The Perils of Advertising High

I’m reading with dismay Stuart Elliot’s adverting column in yesterday’s New York Times: “The First Graduates from Advertising High.”  The Brooklyn school, named the High School for Innovation in Advertising and Media, is supported by the Interpublic Group (McCann-Erickson, Draftfcb, Deutch,) the Advertising Club of New York and the American Association of Advertising Agencies.  It’s aimed mostly at minority groups, which in itself, is a worthy objective.

 But what does this mean for the future of advertising?  Assuming these graduates are hired at the kind of top agencies supporting this enterprise—considering Madison Avenue’s dismal history of hiring minorities—are we simply perpetuating a self-fulfilling perspective that ignores the larger realities of the industry’s effect on the culture at large?  Where will broader thinking come from if all students learn is within the confines of advertising and media? 

 The days are gone when account people needed an MBA to get a top agency job–agencies could not compete financially with the manufacturers and consulting firms. I once had an OTC consumer products client tell me there was no way their product managers would take our account executives seriously.  Their educational and experience backgrounds were simply not the same, to the detriment of the agency’s staff.  So how will an agency fare on this score with people only schooled in the trade?  It’s a closed loop and relegates agencies to true vendors, not strategic partners.

 To be clear, I’m not criticizing the objective of providing minority students with opportunities they may not have had before.  I’m wondering, however, if such a narrow educational focus will truly provide opportunities for advancement and success, or if this focus will reinforce the divide between those that do and those that lead.  One consequence of the lack of junior agency expertise is that clients only want to deal with senior people.  At my last agency here in San Francisco this caused considerable financial pressure, spreading many assignments across the senior staff while limiting the time they could spend with any one client and pushing most of the work to junior, less experienced personnel.  It’s an unworkable model for long-term success.  The opposite can also result in the same kind of pressure: I’m working now with a very senior group of people, with no junior staff at all.  It’s great for our clients. But, this means highly paid individuals are spending time on functions easily handled by less experienced people.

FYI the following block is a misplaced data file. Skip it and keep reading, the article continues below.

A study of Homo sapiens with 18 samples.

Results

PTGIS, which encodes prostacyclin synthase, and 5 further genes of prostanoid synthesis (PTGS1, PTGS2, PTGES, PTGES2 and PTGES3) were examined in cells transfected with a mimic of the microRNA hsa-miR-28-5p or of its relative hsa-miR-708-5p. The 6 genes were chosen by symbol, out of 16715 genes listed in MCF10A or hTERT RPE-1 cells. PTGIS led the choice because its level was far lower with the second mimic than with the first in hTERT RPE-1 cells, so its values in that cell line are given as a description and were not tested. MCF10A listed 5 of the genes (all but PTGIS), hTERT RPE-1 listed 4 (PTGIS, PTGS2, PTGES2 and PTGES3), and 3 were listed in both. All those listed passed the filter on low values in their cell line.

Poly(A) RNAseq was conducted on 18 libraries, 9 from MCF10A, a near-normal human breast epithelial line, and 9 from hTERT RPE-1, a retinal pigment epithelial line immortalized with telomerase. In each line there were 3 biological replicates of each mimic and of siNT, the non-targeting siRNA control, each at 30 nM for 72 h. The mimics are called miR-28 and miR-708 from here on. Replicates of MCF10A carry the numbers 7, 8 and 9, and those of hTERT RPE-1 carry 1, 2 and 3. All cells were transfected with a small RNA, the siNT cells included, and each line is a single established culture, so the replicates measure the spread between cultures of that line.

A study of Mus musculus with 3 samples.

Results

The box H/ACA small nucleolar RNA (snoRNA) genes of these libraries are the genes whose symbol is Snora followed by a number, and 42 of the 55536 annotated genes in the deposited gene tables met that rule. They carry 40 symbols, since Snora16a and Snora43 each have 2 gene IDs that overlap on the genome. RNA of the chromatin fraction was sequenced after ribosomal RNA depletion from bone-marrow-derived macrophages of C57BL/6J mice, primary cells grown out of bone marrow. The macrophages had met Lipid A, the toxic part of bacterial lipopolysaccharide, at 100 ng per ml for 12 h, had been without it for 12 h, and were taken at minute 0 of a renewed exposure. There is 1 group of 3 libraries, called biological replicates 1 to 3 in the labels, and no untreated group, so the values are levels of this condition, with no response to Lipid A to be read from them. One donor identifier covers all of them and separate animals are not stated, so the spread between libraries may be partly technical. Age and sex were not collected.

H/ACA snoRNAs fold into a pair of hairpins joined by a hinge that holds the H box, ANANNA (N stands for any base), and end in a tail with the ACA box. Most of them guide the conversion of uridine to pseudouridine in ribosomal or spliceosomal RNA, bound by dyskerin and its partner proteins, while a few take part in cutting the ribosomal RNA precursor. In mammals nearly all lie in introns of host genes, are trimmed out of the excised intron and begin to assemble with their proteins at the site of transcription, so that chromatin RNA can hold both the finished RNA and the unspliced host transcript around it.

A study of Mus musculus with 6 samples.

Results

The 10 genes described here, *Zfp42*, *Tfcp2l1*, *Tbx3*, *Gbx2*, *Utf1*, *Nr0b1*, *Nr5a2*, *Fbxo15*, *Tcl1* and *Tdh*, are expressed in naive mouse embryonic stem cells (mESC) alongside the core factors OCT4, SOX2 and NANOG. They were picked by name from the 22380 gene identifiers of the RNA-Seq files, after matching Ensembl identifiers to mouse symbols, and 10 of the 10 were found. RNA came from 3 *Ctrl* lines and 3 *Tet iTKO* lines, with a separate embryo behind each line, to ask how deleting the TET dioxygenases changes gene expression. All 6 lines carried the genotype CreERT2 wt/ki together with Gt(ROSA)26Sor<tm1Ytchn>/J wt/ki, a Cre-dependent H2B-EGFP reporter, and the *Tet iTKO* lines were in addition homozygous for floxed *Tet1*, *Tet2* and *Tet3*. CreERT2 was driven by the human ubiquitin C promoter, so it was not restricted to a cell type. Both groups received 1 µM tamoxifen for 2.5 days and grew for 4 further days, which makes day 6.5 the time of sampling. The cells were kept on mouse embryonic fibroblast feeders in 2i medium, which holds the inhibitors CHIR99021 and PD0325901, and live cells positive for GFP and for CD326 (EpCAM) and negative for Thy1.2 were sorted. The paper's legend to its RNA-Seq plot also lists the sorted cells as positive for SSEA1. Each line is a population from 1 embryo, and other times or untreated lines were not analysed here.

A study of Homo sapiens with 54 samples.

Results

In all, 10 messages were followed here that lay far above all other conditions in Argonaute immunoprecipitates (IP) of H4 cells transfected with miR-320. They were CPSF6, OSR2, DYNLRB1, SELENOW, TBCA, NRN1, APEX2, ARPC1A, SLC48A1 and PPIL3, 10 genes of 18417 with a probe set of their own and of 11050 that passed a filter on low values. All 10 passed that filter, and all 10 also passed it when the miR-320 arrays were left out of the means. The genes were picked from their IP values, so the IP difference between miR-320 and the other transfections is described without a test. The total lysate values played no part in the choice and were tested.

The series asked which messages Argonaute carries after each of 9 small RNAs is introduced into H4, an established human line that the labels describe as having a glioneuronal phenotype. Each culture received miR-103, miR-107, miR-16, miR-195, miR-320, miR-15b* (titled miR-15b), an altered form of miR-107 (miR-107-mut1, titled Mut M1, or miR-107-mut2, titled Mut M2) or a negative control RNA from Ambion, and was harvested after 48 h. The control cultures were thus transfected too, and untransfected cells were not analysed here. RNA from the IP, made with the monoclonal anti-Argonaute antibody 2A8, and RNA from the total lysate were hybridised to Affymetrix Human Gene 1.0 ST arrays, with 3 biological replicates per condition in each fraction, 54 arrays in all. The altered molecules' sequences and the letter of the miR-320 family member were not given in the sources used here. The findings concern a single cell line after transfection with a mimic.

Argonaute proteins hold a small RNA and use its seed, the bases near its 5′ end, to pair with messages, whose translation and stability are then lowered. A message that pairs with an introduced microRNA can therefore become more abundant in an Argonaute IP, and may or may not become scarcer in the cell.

In my ideal agency, small multi-disciplinary teams would handle assignments based on knowledge and interest sets.  No team would be fixed.  Teams would come together to fulfill specific roles and projects and then reform to meet the needs of the next new thing.  Design firms often work this way, such as Ideo.  In my agency we would have anthropologists working with writers, historians with art directors.  Solutions would be developed holistically—not piecemeal.   Nothing would be integrated because everything would be seamless.  Concepts such as large and small or simple and complex would not exist.  For the most part, virtual would not work—sparks rarely ignite when people aren’t together.  Humanistic values would be pervasive across and within the organization.  Diversity and geographic differentiation would be the norm. The Christian Right need not apply.

 The first question to any job candidate would be, “What have you done to prepare for this role that isn’t related in any professional way to what this role may be?” “What are the last ten books you’ve read?” “If you could save the world tomorrow, what would you do first?”  “If you weren’t sitting here, where would you rather be?”

 In every job interview I’ve ever had—every one—the two things on my resume that provoke the most, and usually first, comments and questions are the two things that have the least to do with marketing or communications or advertising: the fact that I worked on a Mississippi River tow boat in college and, later, earned an M. Lit in Anglo-Irish Literature at Trinity College, Dublin.  No one ever remarks on the MBA.

 My hope for the graduates of the Advertising High School is that they look beyond these niche studies and find diverse interests to fill in the gaps.  With this undergraduate background, their likely next pursuit will be to earn a degree in business, or communications, or even advertising: in other words, more of the same.  This may very well be enough to land a job. I also hope they will push for more.